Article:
Dragmacidon hendersoni, Sim-Smith & Hickman & Kelly, 2021

Sim-Smith, Carina, Hickman, Cleveland & Kelly, Michelle, 2021, New shallow-water sponges (Porifera) from the Galápagos Islands, Zootaxa 5012 (1), pp. 1-71 : 30-31


sp. nov.

Dragmacidon hendersoni sp. nov.

( Fig. 13 View FIGURE 13 )

Material examined. Holotype — MCCRDS9412, Nameless Island , 0.670° S, 90.586° W, 9 m, 9 Aug 2003. GoogleMaps

Type locality. Nameless Island ; 9 m.

Habitat and distribution. Only known from the type locality. Found in a recess on a vertical wall growing on rock; 9 m.

Description. Thinly encrusting sponge, 3 mm thick, with a minutely ridged and punctate surface. A few small oscules are scattered over the surface of the sponge. Texture is compressible, surface is faintly hispid. Colour in life is bright yellow, colour in ethanol is tan ( Fig. 13A View FIGURE 13 ).

Skeleton. Choanosomal skeleton is loosely plumoreticulate, with delicate, multispicular primary tracts and vague secondary tracts/connections. Bundles of styles protrude through the surface of the sponge, in tufts, points uppermost. There is no special ectosome ( Fig. 13B View FIGURE 13 ).

Spicules. Megascleres— Style I ( Fig. 13C View FIGURE 13 ), small, slender and slightly curved; 231 (209–248) × 6 (4–7) µm (n = 20). Style II ( Fig. 13D View FIGURE 13 ), very slender and often strongly curved or slightly sinuous; 197 (127–334) × 2.4 (1.2–3.4) µm (n = 20).

Etymology. Named after Scott Henderson, who accompanied co-author Cleveland Hickman on numerous trips to the Galápagos from 1983–2016. He assisted Cleve in a variety of roles from local negotiator and logistics organiser, divemaster during harrowing high-current dives, trusted friend and host on his Santa Cruz coffee farm. Of the 149 students Cleve led on 12 Galápagos student field trips, Scott was the only one to make Galápagos his home and life-long conservation project.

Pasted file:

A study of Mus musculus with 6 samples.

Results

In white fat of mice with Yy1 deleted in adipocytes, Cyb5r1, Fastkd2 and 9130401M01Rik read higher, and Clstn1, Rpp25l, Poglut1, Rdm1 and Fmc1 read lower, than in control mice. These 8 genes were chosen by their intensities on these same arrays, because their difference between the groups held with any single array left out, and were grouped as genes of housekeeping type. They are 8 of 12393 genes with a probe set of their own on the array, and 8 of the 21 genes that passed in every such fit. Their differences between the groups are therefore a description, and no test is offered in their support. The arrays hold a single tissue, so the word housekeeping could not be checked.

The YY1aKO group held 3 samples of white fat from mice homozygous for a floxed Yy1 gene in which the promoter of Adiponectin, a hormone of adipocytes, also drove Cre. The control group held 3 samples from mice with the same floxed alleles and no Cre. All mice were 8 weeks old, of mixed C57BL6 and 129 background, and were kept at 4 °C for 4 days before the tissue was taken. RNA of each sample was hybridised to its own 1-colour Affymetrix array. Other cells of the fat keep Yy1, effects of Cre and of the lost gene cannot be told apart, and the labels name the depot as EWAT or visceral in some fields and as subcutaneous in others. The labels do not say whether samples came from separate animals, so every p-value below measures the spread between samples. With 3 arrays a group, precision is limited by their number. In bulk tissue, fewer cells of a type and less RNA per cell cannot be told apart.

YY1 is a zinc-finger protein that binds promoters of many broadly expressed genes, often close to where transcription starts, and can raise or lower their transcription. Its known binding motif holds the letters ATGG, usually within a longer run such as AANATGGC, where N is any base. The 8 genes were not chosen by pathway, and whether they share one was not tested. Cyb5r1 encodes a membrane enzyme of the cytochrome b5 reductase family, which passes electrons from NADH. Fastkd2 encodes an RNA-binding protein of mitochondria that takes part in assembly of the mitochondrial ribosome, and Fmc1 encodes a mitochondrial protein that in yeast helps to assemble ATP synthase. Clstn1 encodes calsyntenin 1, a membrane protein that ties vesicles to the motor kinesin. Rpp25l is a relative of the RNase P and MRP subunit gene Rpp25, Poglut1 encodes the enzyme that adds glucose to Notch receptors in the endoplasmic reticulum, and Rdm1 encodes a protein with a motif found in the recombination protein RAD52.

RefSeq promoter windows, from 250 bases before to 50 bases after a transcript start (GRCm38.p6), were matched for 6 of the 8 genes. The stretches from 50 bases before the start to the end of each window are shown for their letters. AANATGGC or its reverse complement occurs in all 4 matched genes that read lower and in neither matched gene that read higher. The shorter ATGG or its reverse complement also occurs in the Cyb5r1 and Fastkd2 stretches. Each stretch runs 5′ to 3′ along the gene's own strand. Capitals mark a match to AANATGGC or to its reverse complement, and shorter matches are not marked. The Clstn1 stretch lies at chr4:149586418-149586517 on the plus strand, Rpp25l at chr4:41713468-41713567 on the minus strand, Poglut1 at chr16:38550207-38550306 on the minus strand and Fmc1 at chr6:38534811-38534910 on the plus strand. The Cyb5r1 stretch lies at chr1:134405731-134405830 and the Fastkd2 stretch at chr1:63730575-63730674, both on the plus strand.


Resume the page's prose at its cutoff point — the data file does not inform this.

Remarks. Dragmacidon hendersoni sp. nov. differs considerably from D. raeae sp. nov. by: live colouration (yellow vs bright red); skeleton (compact plumoreticulate vs loosely plumoreticulate to plumose); texture (firm vs compressible); and the possession of two size categories of styles, with both categories being more slender and sinuous than those of D. raeae sp. nov. It also differs considerably from the previously recorded D. oxeon which has much longer megascleres. It differs from all other tropical/subtropical eastern Pacific species by the lack of oxeas.

Table 4 provides useful details on all known species of Dragmacidon , many of which appear to fall loosely into two groups: those that were previously identified as species of Pseudaxinella Schmidt, 1875 [ D. raeae sp. nov. and other species that form firm dome-shaped sponges, with compact plumoreticulate skeletons that often lack trichodragmata, such as D. australe ( Bergquist, 1970) , D. coccineum ( Keller, 1891) , D. debitusae ( Hooper & Lévi, 1993) ]; and those that have a looser, more plumose skeleton with longer, more sinuous megascleres and often raphides in trichodragmata, resulting in a softer, less firm sponge, such as D. oxeon , D. mutans ( Sarà, 1978) , D. tumidum ( Dendy, 1897) , and D. decipiens ( Wiedenmayer, 1989) . The addition of two species from the Galápagos Archipelago, each of which falls loosely into one or the other group, may lend additional data for future detailed analysis of Dragmacidon , a genus of convenience into which all species commonly previously recorded as Pseudaxinella (a junior synonym of Axinella ), were assigned by Alvarez & Hooper (2002: 734).